I was a vegetarian for three years, spanning my graduation from university and the beginning of law school. I had decided to question the assumption that eating meat is a prerequisite for a satisfying diet. I did not view animal suffering as the moral equivalent to human suffering, but it seemed compelling, nonetheless, to seek to reduce such suffering solely for the purpose of one’s own pleasure.
Vegetarianism, in fact, served to broaden rather than narrow my food horizons. I discovered that two of my favorite cuisines are Indian and Middle Eastern, both of which are well-suited to a vegetarian or even vegan diet. I learned to cook to ensure that home-life was full of fresh and tasty food.
I stopped being a vegetarian not because I was unsatisfied with the food, but mainly as I felt it was isolating, particularly as I interviewed with white-shoe law firms at fancy restaurants in the early 1990s. I thought to myself, “I’m gay, that’s enough” and didn’t want to have an additional discussion about food restrictions while seeking that first plum job. It wasn’t too difficult to slip back into the pleasures of enjoying some fresh sushi or a juicy steak.
Twenty-five years later, as restaurants inquire into food restrictions as a matter of course, perhaps I would not have perceived vegetarianism as so isolating. In Hong Kong, Grassroots Pantry epitomizes a contemporary vegetarian restaurant with a focus on natural, organic, and locally sourced ingredients, with the difference being that chef owner Peggy Chan also seems to draw inspiration from the Buddhist vegetarian tradition of rendering plant matter into food that approximates both the look and taste of various meats.
Grassroots Pantry first opened in Sai Ying Pun in 2012 before relocating to its current home at 108 Hollywood Road. The menu contains a key to indicate which items are vegan, raw, gluten-free, nut-free and even Buddhist-friendly, along with pleasant illustrations that give diners a sense of what they are about to order.
Sichuan Mala Burger. Photo Marc Rubinstein
My first visit coincided with the day that Grassroots Pantry introduced its Sichuan Mala Burger (HKD$138) with salad or lotus fries. The dish is Grassroots Pantry’s first burger and uses the much written about “beyond burger” plant-based product that so resembles the look, texture and taste of beef that it is said to even “bleed” the beet juice that is included in its recipe.
Grassroots Pantry has taken the basic beyond burger patty one step further, fortifying it with cordycep and maitake mushrooms and adding a healthy amount of Sichuan peppercorn powder with its distinctive “mala” numbing spice for a uniquely spicy burger that has the texture of meat without the grease. It’s delicious and filling. The accompanying lotus fries are also good but with a rather intense amount of batter that does deliver on the grease. The salad might have been a better alternative.
I started that meal by sharing an order of the pulled jackfruit nachos (HKD108). The sprouted corn tortillas are smothered with chipotle cashew cheese, pulled jackfruit, chayote salsa and purple cabbage. The pulled jackfruit is hearty and thick-textured with a slightly tangy but not fruity taste that provides a lot of substance to these nachos. That base combined with the delicious cashew cheese and spicy salsa makes for a deliciously evolved take on the traditional Tex-Mex snack. From my experience, almost any dish with cashew cheese or cream is bound to be delicious, as the dense cashew protein offers both a smooth, nutty flavor and a creamy texture to spreads, dips and the like.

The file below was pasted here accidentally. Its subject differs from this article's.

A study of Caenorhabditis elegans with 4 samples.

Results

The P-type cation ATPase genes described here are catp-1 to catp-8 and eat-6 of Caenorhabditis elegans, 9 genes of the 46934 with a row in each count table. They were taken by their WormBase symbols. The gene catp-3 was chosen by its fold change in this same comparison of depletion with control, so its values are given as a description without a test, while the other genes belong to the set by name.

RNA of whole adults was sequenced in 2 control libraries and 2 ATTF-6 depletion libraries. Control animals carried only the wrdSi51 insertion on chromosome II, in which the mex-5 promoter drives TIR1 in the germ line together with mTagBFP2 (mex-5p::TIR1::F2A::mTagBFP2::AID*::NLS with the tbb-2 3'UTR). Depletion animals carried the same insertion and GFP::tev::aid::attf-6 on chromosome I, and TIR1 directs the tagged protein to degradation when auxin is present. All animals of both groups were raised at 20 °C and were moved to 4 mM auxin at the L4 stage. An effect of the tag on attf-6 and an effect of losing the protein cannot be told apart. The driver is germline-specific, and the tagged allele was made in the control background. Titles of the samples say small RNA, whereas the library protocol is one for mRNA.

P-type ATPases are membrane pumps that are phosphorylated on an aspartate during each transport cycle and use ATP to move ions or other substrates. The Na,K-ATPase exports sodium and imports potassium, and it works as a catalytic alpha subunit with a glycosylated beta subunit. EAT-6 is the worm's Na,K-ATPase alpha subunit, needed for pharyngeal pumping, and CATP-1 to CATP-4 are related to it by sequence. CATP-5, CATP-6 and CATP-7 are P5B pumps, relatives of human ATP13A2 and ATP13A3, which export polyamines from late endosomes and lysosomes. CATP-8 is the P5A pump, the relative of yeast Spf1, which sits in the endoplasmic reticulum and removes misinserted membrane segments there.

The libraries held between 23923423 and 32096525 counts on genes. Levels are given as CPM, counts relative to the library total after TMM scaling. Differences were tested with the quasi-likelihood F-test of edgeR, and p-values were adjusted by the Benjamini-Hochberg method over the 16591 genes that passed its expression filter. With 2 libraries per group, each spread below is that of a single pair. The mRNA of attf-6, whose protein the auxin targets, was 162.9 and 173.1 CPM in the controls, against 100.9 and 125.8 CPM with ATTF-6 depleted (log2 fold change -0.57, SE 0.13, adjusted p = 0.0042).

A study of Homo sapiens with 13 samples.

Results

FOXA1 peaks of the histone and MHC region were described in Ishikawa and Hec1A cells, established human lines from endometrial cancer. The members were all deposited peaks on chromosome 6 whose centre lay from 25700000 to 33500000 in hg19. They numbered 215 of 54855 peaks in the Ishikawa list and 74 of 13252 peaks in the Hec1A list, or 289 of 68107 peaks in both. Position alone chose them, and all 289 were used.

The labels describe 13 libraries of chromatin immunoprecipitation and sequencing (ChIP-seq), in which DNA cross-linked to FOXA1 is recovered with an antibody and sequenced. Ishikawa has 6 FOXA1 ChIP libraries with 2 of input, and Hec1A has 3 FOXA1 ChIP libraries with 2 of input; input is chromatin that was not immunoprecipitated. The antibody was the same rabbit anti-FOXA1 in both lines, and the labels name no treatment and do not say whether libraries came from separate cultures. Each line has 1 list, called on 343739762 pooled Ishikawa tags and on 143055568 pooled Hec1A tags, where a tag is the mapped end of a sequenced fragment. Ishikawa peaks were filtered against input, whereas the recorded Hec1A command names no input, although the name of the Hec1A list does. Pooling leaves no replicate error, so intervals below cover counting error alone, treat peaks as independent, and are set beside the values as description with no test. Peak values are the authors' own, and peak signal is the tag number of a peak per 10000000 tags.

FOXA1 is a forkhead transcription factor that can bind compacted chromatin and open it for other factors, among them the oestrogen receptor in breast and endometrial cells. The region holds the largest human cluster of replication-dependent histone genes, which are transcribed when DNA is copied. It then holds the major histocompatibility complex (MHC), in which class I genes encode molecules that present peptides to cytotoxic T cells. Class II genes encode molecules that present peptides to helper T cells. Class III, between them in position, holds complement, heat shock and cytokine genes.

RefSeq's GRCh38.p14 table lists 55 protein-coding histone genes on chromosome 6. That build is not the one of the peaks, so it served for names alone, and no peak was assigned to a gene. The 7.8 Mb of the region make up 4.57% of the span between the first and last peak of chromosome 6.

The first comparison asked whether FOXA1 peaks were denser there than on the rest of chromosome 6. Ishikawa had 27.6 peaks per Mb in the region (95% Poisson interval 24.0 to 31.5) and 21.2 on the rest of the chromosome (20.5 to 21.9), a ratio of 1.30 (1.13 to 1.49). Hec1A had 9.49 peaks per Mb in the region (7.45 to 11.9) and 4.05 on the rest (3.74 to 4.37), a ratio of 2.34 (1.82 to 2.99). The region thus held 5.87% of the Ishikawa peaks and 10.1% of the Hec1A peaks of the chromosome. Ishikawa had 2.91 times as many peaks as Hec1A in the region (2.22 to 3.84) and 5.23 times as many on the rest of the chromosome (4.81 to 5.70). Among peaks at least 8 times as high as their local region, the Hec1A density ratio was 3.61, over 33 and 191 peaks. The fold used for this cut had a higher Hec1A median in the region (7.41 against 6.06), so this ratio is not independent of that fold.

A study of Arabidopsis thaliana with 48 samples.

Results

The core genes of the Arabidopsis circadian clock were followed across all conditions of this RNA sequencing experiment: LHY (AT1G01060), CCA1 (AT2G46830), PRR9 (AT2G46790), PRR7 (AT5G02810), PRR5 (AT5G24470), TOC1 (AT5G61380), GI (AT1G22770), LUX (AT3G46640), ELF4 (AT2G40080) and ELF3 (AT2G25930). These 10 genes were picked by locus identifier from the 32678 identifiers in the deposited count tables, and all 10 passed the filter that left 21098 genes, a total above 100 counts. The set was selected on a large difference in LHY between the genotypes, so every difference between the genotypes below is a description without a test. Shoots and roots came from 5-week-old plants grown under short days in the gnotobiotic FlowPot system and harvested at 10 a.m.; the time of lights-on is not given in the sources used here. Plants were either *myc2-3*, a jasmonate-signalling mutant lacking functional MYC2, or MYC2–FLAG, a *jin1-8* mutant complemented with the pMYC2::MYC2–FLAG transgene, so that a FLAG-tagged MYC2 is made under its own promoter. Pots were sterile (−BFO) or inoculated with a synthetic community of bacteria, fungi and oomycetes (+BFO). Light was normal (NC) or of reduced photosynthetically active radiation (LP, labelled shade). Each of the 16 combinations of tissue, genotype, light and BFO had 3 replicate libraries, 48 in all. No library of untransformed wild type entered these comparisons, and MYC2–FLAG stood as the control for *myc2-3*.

In terms of starters, the popcorn “chicken” (HKD78) is also a standout. It is served on a piece of slate with the contents spilling out of a small, brown paper bag. The “chicken”, actually large chunks of fresh hedgehog mushroom, is deep-fried and flavored with galangal powder, accompanied by a dipping sauce of coconut kefir sour cream.
Although the chunks of fried matter are significantly larger than any piece of popcorn I have seen, one must appreciate the artistry in rendering this vegan dish so that even when the pieces are cut open, it still looks like white meat chicken and tastes of deep fried protein. The only give-away is the ever so slightly more fibrous texture of the mushroom as one chews. Arguably, the dish might be even more impressive if directly labelled “deep-fried hedgehog mushroom” and appreciated for what it actually is rather than for what it resembles, but this is where the nod to the almost artistic Buddhist tradition is most evident.
For mains, I also tried the palak paneer (HKD158) and the banh xeo crepe (HKD128). Palak paneer is an Indian vegetarian dish made with spinach, paneer cheese, garam masala and other spices. The version at Grassroots Pantry is vegan with tofu cheese substituting for the paneer and includes a mix of greens served with either chapati bread or rice. The dish was good but I thought the chapati was a bit tough and the texture of the tofu cheese not as good a complement for the greens as the familiar, smooth paneer.
The ban xeo crepe is Grassroots Pantry’s version of this Vietnamese crepe, a dish I am frankly not that familiar with. Without a baseline to compare, I found this to be a tasty and lighter option, with cashew spam pâté, roasted asparagus, artichoke heart and a fresh herb salad with sriracha dressing spilling out of the crispy crepe.
All and all, I like the food and the formula at Grassroots Pantry, with its influences both global and local. It may not convince me to resume my vegetarianism, but with its packed room and five-year track record in fickle Hong Kong, it certainly has found a place.